In stark style contrast to what some may still refer to as “donks” (don’t know where the name originated, so I can’t begin to imagine what it actually refers to …), our hobby has seen a recent resurgence in what many of us here used to refer to as “custom rods”—i.e., performance-minded ’50s and ’60s fullsizers. Charley Lillard’s 1965 Buick Riviera is the perfect example of that rodding resurgence.
I’ve always been a sucker for the Buick Rivieras: the early sub-models from the ’50s clear up to the beautiful boattails of the early ’70s. However, I have a real soft spot for the iconic first formal-model series—the 1963-1965 Riviera—although my preference has, at least up until this point in time, always been with a mild custom and/or lowrider styling. But after seeing what Roadster Shop accomplished with Charley Lillard’s 1965, well, my preferences may have been adjusted accordingly.
Seems Charley’s always wanted a 1965 Rivi, but despite its factory-equipped performance options of the time (425ci V-8, sports car influenced suspension, and so on), he wanted performance options that more closely mimicked those of a new Camaro. That’s where Roadster Shop stepped into the picture. Having all the pertinent specs already scanned into their massive data library, they constructed one of their Fast Track custom chassis complete with their signature Penske adjustable coilovers, power rack-and-pinion, six-piston Baer brakes, and, the star of the modern upgrade, a 427ci supercharged LS9. And to get the one-off EVOD 18- and 19-inch wheels to sit just right within the Buick’s wheelwells, no suspension modifying was necessary—they simply cut the Rivi’s floor out and dropped the body exactly to the desired ride height and proceeded accordingly!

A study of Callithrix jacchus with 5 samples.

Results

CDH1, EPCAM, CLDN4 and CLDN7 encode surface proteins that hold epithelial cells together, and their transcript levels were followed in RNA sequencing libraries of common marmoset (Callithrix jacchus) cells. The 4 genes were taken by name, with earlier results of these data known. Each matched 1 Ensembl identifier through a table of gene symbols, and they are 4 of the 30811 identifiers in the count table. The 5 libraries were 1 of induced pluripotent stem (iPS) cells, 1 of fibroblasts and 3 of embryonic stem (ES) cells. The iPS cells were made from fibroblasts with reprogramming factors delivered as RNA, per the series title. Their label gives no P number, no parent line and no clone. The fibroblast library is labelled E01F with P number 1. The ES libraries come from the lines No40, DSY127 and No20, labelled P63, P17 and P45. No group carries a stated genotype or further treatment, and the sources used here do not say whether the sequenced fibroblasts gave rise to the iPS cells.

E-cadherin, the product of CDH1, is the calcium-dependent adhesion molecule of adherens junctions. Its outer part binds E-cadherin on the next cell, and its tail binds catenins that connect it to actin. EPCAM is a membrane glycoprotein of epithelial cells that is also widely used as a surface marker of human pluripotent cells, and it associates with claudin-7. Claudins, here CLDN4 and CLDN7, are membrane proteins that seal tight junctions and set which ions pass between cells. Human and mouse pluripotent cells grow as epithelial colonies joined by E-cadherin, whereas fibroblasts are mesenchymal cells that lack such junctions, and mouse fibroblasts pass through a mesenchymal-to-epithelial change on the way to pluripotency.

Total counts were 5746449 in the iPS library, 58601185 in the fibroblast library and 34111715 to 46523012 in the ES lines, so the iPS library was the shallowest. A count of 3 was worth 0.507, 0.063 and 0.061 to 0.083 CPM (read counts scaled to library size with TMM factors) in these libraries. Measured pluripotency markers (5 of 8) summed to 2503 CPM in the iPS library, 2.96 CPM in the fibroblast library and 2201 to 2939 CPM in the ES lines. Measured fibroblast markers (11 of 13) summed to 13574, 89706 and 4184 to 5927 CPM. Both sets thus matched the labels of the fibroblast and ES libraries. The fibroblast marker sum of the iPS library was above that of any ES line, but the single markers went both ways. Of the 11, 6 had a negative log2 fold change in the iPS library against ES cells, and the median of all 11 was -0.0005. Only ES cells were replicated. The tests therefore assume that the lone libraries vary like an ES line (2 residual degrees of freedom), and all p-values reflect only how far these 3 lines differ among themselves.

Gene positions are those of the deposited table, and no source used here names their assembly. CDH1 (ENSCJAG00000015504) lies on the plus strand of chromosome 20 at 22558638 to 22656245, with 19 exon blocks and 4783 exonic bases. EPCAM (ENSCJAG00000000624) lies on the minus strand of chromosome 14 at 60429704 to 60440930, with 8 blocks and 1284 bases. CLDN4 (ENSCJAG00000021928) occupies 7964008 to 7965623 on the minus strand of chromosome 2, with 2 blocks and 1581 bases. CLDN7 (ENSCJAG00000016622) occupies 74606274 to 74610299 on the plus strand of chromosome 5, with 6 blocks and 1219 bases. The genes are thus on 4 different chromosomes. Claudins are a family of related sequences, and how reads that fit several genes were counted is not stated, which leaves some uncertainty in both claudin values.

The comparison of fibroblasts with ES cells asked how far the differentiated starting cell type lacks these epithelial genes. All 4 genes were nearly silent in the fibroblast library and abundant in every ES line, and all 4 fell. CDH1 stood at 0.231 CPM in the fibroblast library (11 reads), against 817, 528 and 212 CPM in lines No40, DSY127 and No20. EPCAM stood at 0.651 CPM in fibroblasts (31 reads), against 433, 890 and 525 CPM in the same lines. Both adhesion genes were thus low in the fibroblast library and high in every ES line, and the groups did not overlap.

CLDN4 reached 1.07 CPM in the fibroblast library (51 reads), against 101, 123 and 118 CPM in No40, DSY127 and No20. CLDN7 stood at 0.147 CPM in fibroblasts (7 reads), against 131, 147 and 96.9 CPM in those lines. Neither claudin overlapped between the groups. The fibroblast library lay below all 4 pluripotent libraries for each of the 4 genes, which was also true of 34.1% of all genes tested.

The Buick’s original paint remains (mostly) intact—hence the 20-footer tag—as does a good portion of the interior. Although he now boasts of having installed a set of luxury SUV seats with actual side bolsters and three-point harness belts (sliding back and forth between the door panel and center console while cornering at speed may be comical for outside observers, but not for the person doing the sliding!), initially the stock seats were reupholstered by SPC Interiors, while Dakota Digital semi-analog gauges, Vintage Air, and a complete sound system were installed by Sled Alley.
Charley admitted that it was nice for once not having a project in “paint jail,” but also mentioned he wasn’t sure how long he could go without messing with it. Here’s an idea to keep a new paintjob off your mind, Charley: Lock that driver side BMW harness down nice and tight and keep your eyes locked on the road ahead!